Sleepy Hollow is a cool, refreshing drink of stale water that likely won’t make you sick. It’s okay, but not good. It’s fun, but not breezy. It’s well-acted, but clumsily written. Sleepy Hollow is decent by the bare minimum definition of the word. So why does everyone but me seem to be in love with this show?
I considered going back and reviewing the pilot, but upon watching “Blood Moon,” I realized there was no need. The episode begins with a recap of the show’s premise: Ichabod Crane is an American Revolutionary War veteran tasked by General Washington to kill Death; he sleeps for two hundred and fifty years, then awakens to continue his battle alongside a police detective with yet-unexplained ties to the arcane. And if the recap didn’t make it clear, the show’s stars explain it at least two more times throughout the episode through clumsy expositional dialogue.
If I had to pick one thing about Sleepy Hollow to complain about (which, thankfully, I don’t have to), it would be the show’s utter lack of faith in its own audience. The supernatural elements and skeptic/believer leads recalls The X-Files, Fox’s early hit by which all of their subsequent shows have been measured. Yet Mulder and Scully were allowed to explore the show’s ever-expanding mythos at a leisurely pace; The X-Files spent nearly a decade unraveling its mysteries, and still left us with unanswered questions. Sleepy Hollow instead force-feeds its premise and its mysteries to its audience, explaining it all twice just to make certain no one is confused. It explains everything through premature exposition, as though it’s terrified of the thought of us being confused for even a moment.
Take “Blood Moon.” Ichabod’s ethereal wife returns in his dreams, telling him point-blank that the spirit of a dark witch is about to rise and take her revenge. Ichabod has only to visit a single crime scene to realize what’s happening and who has risen. Kudos to the show for not simply following the glut of police procedurals on television, but it’s gone too far in the opposite direction: rather than watching the characters solve a mystery, we see them handed packaged macguffins that solve the issue for them: Crane’s ghost wife, Sherriff Clancy Brown’s extensive occult files, and a series of secret tunnels pre-loaded with witch bones and the enormous gunpowder cache necessary for the episode’s climax. It’s impossible to see Tom Mison and Nicole Beharie as capable when the story does all the heavy lifting before they get there. The experience feels akin to a Dungeons & Dragons module: everything is just waiting for someone to plug any old characters into a pre-generated story.
That said, if we had to have any old characters, I’m glad for the ones we got. Mison and Beharie have excellent chemistry, and watching them stumble from plot point to plot point is a treat. Mison embodies the time traveler we all wish we could be: fascinated by the progress of two and a half centuries, but not overwhelmed. His struggles to reconcile his values with the future (like the outrageous ten-percent levy against baked goods) would make a great character arc if Sleepy Hollow can find time to step away from its own plot for a moment. Likewise Beharie embodies a more practical Scully, hesitant to accept the occult mysteries as they arrive, but not obdurate. Her rationalizations work will work well in the show’s early episodes, but hopefully they’ll be gone by midseason. That goes for Mison’s fish-out-of-water gags too; they’re cute right now, but unless Sleepy Hollow wants to actually delve into the ramifications of being catapulted 250 years into the future, they have an expiration date.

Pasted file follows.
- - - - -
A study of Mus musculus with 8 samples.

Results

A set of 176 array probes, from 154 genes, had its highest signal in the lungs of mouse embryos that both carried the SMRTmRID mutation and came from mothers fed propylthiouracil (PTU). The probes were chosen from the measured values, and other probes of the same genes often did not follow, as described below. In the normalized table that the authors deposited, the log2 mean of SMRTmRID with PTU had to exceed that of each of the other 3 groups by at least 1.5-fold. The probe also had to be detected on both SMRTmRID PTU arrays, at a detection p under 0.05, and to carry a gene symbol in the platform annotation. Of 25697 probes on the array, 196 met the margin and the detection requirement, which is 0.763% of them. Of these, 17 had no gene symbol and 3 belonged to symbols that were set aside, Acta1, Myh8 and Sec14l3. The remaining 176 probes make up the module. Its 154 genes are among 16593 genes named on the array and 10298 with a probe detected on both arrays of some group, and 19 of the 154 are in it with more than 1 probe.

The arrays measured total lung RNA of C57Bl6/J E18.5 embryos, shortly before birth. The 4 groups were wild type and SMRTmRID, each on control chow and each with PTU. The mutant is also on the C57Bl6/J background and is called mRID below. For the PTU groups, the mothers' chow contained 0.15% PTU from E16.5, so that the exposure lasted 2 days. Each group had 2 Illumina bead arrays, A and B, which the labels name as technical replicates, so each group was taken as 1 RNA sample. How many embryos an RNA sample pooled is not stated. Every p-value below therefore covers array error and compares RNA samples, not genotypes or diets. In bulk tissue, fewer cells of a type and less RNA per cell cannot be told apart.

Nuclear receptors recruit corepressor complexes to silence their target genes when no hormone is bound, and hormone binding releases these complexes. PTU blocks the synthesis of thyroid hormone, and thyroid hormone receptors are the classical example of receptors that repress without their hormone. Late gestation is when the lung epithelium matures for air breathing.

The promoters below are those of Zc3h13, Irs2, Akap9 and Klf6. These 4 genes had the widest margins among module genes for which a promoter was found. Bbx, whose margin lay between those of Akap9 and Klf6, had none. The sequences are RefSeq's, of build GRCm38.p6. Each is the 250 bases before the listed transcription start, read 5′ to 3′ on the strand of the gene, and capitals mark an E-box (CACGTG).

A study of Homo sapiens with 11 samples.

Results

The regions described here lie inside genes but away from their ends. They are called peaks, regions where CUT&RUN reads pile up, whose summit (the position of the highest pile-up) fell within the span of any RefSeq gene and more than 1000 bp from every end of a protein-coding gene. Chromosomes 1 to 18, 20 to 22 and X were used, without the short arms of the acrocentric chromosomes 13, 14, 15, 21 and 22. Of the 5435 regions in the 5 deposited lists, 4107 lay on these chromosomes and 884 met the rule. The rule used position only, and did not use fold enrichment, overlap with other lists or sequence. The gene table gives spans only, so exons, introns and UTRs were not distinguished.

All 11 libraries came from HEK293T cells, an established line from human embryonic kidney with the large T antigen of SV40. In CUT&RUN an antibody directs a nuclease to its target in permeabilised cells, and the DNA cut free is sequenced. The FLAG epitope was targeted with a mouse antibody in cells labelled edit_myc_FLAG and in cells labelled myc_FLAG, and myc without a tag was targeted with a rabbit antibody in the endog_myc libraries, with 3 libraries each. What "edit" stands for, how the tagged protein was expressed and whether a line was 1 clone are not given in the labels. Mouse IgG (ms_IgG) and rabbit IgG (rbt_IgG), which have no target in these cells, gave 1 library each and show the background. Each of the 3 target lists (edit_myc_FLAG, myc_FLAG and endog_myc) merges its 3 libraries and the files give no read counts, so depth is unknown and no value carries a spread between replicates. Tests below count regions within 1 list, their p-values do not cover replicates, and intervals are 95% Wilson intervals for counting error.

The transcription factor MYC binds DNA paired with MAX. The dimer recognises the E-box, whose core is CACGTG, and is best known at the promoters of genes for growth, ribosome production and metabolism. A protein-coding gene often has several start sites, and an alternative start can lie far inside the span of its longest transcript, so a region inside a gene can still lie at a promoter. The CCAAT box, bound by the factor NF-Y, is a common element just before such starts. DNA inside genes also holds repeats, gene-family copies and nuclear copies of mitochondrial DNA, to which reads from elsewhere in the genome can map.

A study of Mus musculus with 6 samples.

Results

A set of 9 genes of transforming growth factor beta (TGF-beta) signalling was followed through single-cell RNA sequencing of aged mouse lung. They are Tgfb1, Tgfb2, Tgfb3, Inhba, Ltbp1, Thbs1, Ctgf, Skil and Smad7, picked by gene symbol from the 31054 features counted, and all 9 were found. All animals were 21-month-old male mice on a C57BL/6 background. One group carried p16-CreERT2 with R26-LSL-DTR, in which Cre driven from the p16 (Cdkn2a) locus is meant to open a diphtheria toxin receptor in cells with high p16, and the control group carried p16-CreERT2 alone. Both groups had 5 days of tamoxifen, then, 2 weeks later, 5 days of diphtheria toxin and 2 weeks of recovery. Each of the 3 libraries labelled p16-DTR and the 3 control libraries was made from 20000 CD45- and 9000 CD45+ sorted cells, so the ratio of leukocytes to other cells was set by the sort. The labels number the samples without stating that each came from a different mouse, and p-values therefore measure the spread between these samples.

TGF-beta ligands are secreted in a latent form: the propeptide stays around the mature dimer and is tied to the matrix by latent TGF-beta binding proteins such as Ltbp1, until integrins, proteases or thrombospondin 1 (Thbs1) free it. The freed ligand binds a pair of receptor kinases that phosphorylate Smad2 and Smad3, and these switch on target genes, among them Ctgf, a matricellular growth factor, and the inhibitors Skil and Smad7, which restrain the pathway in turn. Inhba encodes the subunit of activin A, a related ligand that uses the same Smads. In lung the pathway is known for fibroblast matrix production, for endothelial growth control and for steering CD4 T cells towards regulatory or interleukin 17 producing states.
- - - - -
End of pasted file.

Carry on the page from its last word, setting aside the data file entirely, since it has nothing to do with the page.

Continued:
“Blood Moon” can perhaps be forgiven, as many series’ second episodes must be. The pilot was tasked with making us buy into the show’s unusual conceit. “Blood Moon” is tasked with creating the show’s status quo, which will evidently be a monster-of-the-week format. There are more hints of the show’s future: the suspiciously spacious and well-lit police records archive which will probably serve as a recurring resource for Crane and Mills; John Cho’s return to play the devil’s advocate (wakka-wakka) for future monsters; Mills’ sister, who does her best Linda Hamilton circa Terminator 2 impression; and Mrs. Crane and Sherriff Brown watching over it all, ready to dispense ghostly advice to our two leads.
Even with its quick-on-the-draw exposition, Sleepy Hollow still has a few mysteries left to solve. Why is Crane’s wife in purgatory? What’s her connection to this rise of the occult? Did Washington have other soldiers in the war against Death? I just hope it has the patience to let these mysteries simmer, and not simply tell us the answers.
- “It has more?” Crane’s gun confusion is a funny joke, but it makes little sense for a man with an eidetic memory. Just last week he saw two police officers unload their pistols into an indifferent Headless Horseman.
- Speaking of which, can scriptwriters stop using “eidetic memory” as a characterization crutch? I know it’s an easy way of making your character smart, impressive, and a source of exposition, but enough is enough.
- Conversations that must have taken place during police station renovations:
“Hey, look at this secret door! I think it leads to some kind of tunnel.”
“Should we check it out? Maybe check with city hall to make sure we’re not blocking utility access? It looks pretty old. Maybe we should contact a historical society or something.”
“Nah. Just plaster over that shit.”
- When Frank Sinatra’s “Witchcraft” came on the car radio, my eyes rolled so hard that I saw my own brain.
- I neglected to mention Mills’ ex-boyfriend because I’m so completely uninterested in that storyline that I hope it quietly fades away.